Despite being one of the most cutting-edge, urbane and diverse neighborhoods in Chicago, Wicker Park has always been distinctly ethnic. Yes, a Hollywood film featured John Cusack running a neighborhood record store, and the Rolling Stones played an “unannounced” gig at the Double Door. But, there are the more hardscrabble aspects of Wicker Park’s legacy that are uniquely Chicago, and they provide a glimpse of the American immigrant experience, too.
The area was once predominantly German, and has also been inhabited by a significant population of Czechs and Poles. A vibrant Puerto Rican culture made itself known in the middle of the 20th century. The Polish community might have contributed the most enduring imprint of the European groups. For years, the Polish-owned Busy Bee (now closed) was a fixture of the neighborhood – a simple, convivial diner under the Damen “L” stop.
Yet it was the Busy Bee that was (indirectly) a springboard for the eclectic LOKaL Restaurant. One of LOKaL’s co-owners, Polish-born Gosia Pieniazek, was a hostess at the Busy Bee. But her experiences in both places – and in African Zambia – provided an appreciation of international culture.
And, although LOKaL features an all-European wine list, the experience there pays homage to aspects both global and local. To wit, one item on its menu stands out as a culinary microcosm of this: Potato pierogi, bourbon date sauce, with shallot, tomato.
Another co-owner – and Pieniazek’s husband – Artur Wnorowski, has made a name in the music industry. His selection of music adds a most colorful touch to LOKaL, as do his selections for the aforementioned wine list. Recently, Value Wine Chicago sat down with Mr. Wnorowski – along with LOKaL’s enthusiastic wine purveyor, Dan Fullick, to discuss the wine list, industry trends and the value sector.
Value Wine Chicago: What is the philosophy behind building the wine list at LOKaL? Was the plan for LOKaL’s identity to be associated with wine?
Artur Wnorowski: We wanted to reach out to regions that are not immediately accessible to a lot of people. Our goal was to not only be unique, but to be strictly European as well.
Dan Fullick: There’s quite a bit of value in lesser-known Italian varietals, particularly from southern Italy and Sicily, and from specific places like Campania, Abruzzo and Puglia.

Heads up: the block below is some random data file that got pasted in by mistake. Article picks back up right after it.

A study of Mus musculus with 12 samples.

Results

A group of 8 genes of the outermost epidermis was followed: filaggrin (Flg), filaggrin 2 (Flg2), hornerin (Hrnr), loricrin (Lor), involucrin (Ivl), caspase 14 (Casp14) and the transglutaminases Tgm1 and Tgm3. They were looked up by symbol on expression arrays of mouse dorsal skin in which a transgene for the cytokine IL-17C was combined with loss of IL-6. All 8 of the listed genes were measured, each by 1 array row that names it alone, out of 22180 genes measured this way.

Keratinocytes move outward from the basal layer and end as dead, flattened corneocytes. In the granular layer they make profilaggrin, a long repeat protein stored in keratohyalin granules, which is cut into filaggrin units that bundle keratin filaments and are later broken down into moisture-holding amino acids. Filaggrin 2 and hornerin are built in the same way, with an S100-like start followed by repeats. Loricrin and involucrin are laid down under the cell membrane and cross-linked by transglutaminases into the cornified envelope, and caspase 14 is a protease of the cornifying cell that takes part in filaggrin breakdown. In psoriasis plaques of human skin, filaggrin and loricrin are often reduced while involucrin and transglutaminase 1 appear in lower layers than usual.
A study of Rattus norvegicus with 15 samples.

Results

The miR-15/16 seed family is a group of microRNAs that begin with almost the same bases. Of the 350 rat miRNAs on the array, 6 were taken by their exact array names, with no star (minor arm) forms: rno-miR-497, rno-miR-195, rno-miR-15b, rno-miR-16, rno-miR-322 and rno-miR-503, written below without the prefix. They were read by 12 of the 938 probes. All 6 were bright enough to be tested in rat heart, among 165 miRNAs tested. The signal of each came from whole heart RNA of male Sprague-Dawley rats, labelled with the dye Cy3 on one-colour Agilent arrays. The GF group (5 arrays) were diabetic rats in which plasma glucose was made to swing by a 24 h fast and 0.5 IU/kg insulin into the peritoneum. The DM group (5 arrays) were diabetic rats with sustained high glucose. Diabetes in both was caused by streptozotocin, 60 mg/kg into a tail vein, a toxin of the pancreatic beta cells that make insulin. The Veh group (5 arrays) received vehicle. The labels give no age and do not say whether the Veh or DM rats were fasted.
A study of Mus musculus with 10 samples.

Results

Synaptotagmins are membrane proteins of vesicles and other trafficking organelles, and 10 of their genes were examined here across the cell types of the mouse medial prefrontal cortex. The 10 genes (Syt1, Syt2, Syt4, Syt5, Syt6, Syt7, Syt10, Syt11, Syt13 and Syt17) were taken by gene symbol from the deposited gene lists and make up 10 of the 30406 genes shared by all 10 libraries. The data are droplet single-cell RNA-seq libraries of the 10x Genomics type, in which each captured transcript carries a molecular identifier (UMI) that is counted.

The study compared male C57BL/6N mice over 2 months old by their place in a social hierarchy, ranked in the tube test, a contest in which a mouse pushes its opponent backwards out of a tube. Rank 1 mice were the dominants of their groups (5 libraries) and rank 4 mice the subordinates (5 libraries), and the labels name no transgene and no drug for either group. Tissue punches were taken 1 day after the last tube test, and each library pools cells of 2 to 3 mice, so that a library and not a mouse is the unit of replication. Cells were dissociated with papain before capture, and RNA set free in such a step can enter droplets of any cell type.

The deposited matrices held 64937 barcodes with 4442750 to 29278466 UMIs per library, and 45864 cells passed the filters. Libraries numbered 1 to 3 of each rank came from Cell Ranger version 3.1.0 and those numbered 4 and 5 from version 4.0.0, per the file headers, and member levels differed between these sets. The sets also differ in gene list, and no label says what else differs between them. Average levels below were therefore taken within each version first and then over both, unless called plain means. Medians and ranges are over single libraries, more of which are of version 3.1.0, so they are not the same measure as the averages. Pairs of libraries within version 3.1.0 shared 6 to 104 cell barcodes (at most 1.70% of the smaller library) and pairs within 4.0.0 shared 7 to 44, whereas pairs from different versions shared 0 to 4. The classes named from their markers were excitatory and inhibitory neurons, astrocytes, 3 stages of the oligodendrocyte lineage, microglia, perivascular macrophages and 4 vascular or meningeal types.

VWC: Is the decision to go solely with European wines meant to maintain a consistency with your European theme and menu here at LOKaL?
AW: Yes, and in addition to the Italian wines from lesser-known areas, we bring in Austrian wines and Hungarian wines – which are not often found on most wine lists, either.
VWC: There is a trend among wine consumers to try new things, while also being turned off by exclusivity. What went into the development of the by-the-glass list – which really emphasizes the different… the obscure?
AW: We went strictly by how they tasted, and by how they would go with many different items, because our menu is a progressive one. It’s always changing and developing. Our list is large and varied, but manageable, so we can pick and choose based on the entrees being added. We’re adaptable.
DF: Some people get too married to a specific wine or varietal, or how it’s supposed to be paired with a specific dish. Then, when the white truffles aren’t available next week, what do you do? So, you have to have wines that do two things. First, they need to be really obvious off the cork. The guest sits down, has a glass of wine, and doesn’t know what they’re going to order from the menu yet. So, the wine needs to be really good in the glass. Secondly, the wine needs to be flexible enough to go with the direction of the chef, and with specific entrees, which at LOKaL, are being added to the ever-changing menu.
AW: We do Monday tastings, because the changes to the menu always occur on Mondays. And, we also do seasonal menus, so our fall menu is really coming together. Yet, it will go through minor changes every Monday.
VWC: What specific wines have recently made an impression on you and your customers?
AW: We have done very well with the Prosecco on our list, the Terre Gale NV. It’s something that’s still off the beaten path, and European, too. It’s a gorgeous glass of sparkling wine.
VWC: What would you recommend as an ideal pairing for those on a budget – both a white and red wine – that can be purchased for $15 or less at retail?
AW: For a white, I’d recommend the Oro De Castilla Verdelho, with our seared scallops, flavored with leeks and pineapple.
For a red, I like the Terravecchia Primitivo, with our N.Y. Strip steak. And our customers really enjoy this wine, too — not just me.